Can the Structure of Public Education be Changed?


Members of the state’s education community met Monday at Marshall University to discuss how to take the next step in public education in the state.

Can West Virginia’s public education system be fixed? That was the question that was asked Monday on Marshall’s campus. Charleston attorney Charles McElwee called together administrators and policy makers to discuss how change can be made in the public education realm. McElwee said the current system which follows old outdated standards isn’t working.

“The goal is to try to mobilize citizen support and getting an ever widening number of citizens involved, because if we don’t get citizen support, I think our efforts will be for not,” McElwee said.

The meeting yesterday was the second organized by McElwee, the first was held in Morgantown. McElwee said he hopes that by hosting the forums around the state that more people will get involved and take a closer look at the current K-12 system.

Marshall University President Dr.Stephen Kopp told the group of 30 gathered for the forum that a new action plan needs to be developed to take into account how today’s public school student learns.

“Much of what needs to take place is aligning the scientific foundations and examining the practices that are being followed and ask the question are there other practices that have yet to be fully developed that would have not only a greater impact in terms of the outcomes we’re trying to achieve with the student, but would actually foster deeper learning for our students,” Kopp said.

Kopp went on to say that under the old model a professor in the case of Marshall or a teacher in the case of K-12 was there to profess knowledge on a subject, but in today’s world knowledge can be obtained anywhere, so a professor or teacher needs to do more.

“In this day and age, if professing knowledge is all we’re doing, that learning process can happen just about anywhere,” Kopp said. “The critical question in my opinion is how do we make the transition from being professors to being designers and architects of powerful learning experiences for our students.”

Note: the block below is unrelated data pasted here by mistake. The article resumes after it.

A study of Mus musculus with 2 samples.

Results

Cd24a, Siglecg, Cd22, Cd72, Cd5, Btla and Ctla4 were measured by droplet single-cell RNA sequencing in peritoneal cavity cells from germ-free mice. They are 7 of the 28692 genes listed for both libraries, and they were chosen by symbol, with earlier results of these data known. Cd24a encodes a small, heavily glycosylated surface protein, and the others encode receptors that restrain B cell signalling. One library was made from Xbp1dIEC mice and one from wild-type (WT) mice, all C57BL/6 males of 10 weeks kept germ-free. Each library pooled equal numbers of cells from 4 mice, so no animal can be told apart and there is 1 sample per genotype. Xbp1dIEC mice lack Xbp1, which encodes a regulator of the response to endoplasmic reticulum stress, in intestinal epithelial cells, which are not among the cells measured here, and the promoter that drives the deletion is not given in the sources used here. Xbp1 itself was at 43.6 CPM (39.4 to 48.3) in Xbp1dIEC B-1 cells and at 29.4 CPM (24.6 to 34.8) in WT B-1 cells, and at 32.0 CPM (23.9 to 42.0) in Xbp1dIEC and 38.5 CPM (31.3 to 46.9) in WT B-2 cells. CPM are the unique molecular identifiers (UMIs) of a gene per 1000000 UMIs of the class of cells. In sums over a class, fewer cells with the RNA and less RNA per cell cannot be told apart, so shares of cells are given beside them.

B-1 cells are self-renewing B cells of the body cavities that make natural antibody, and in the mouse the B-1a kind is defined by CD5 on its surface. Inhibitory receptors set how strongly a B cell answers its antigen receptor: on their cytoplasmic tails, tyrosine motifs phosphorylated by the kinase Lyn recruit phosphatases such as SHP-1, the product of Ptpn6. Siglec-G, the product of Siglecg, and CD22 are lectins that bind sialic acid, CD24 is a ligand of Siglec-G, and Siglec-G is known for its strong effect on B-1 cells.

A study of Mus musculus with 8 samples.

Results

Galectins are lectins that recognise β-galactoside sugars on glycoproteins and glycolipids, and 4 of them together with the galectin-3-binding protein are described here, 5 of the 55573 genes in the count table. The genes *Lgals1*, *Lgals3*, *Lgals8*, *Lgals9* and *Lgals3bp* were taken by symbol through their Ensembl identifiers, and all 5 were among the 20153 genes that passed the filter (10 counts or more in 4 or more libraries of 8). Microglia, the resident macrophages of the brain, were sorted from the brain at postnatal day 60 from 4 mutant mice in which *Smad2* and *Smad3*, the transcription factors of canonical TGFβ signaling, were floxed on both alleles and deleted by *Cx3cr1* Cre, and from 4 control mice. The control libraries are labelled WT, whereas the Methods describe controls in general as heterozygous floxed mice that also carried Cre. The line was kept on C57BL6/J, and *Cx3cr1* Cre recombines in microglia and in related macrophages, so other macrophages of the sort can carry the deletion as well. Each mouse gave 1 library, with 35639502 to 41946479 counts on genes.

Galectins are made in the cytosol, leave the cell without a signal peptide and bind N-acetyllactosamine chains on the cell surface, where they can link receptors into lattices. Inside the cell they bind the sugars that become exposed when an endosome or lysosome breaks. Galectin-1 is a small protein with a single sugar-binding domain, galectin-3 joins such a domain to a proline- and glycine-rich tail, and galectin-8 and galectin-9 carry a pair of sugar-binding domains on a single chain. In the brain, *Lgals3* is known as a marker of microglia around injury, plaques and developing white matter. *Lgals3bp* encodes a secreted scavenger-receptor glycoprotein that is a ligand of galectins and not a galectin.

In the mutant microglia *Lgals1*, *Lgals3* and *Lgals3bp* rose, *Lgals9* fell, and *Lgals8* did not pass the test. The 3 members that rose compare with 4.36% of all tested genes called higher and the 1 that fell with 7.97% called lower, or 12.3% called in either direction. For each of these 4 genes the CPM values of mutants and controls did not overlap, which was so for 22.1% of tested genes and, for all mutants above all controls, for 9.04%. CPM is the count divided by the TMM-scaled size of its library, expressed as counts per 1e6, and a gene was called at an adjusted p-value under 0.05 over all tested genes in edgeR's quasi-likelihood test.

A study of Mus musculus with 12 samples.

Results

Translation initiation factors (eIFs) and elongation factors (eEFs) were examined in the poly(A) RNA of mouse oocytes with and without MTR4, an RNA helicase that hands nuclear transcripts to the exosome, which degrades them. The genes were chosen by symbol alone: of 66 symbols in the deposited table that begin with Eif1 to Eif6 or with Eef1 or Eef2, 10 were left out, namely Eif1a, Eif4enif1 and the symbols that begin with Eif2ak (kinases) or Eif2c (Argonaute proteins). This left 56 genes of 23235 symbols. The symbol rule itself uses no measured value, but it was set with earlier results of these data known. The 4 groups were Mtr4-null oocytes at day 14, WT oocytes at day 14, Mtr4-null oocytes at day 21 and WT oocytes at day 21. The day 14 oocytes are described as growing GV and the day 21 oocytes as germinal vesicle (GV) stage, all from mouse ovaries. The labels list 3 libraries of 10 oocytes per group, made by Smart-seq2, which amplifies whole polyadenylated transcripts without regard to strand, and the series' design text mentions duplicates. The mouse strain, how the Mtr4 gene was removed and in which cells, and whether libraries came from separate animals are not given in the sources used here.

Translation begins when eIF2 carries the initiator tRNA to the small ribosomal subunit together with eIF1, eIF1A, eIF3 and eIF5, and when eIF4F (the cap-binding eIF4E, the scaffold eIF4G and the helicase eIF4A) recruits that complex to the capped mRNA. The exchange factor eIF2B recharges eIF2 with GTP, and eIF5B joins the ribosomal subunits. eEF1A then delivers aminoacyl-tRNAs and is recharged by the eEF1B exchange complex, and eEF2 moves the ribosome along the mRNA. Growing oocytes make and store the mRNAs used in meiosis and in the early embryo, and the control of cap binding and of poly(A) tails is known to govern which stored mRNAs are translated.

Cabell County Superintendent William Smith realizes changes are the key to improving, but they aren’t always easy.

“Education is very very tough to change, because everyone has done it and they all know what it’s supposed to look like,” Smith said. “When you start talking about change, your biggest opponents is usually your total community because school is the way it was when I was going there in the 50’s, why does it need to be changing now. We need to look at what assessments need to be put in place to determine achievement.”

Smith noted that Cabell County Schools is embracing the idea of a different learning environment. An older middle school is being remodeled into a consolidated elementary school. There, an incubator school will be formed  – one of just a few schools in the country to take part in expeditionary learning, where kids become much more involved in their day-to-day instruction. Marshall University’s June Harless Center will help train teachers in the new learning techniques.

“I think student engagement is a major issue for schools, we need to think about how we engage our students and how do we measure that, that tells me whether a school is going to be successful or not,” Smith said. “But when you’re talking about student engagement, it’s not just what they know, but what they can do, so assessment is going to have to be more I guess in terms of what a student can do.”

McElwee hopes the ideas from the meeting lead to change in the state’s education system.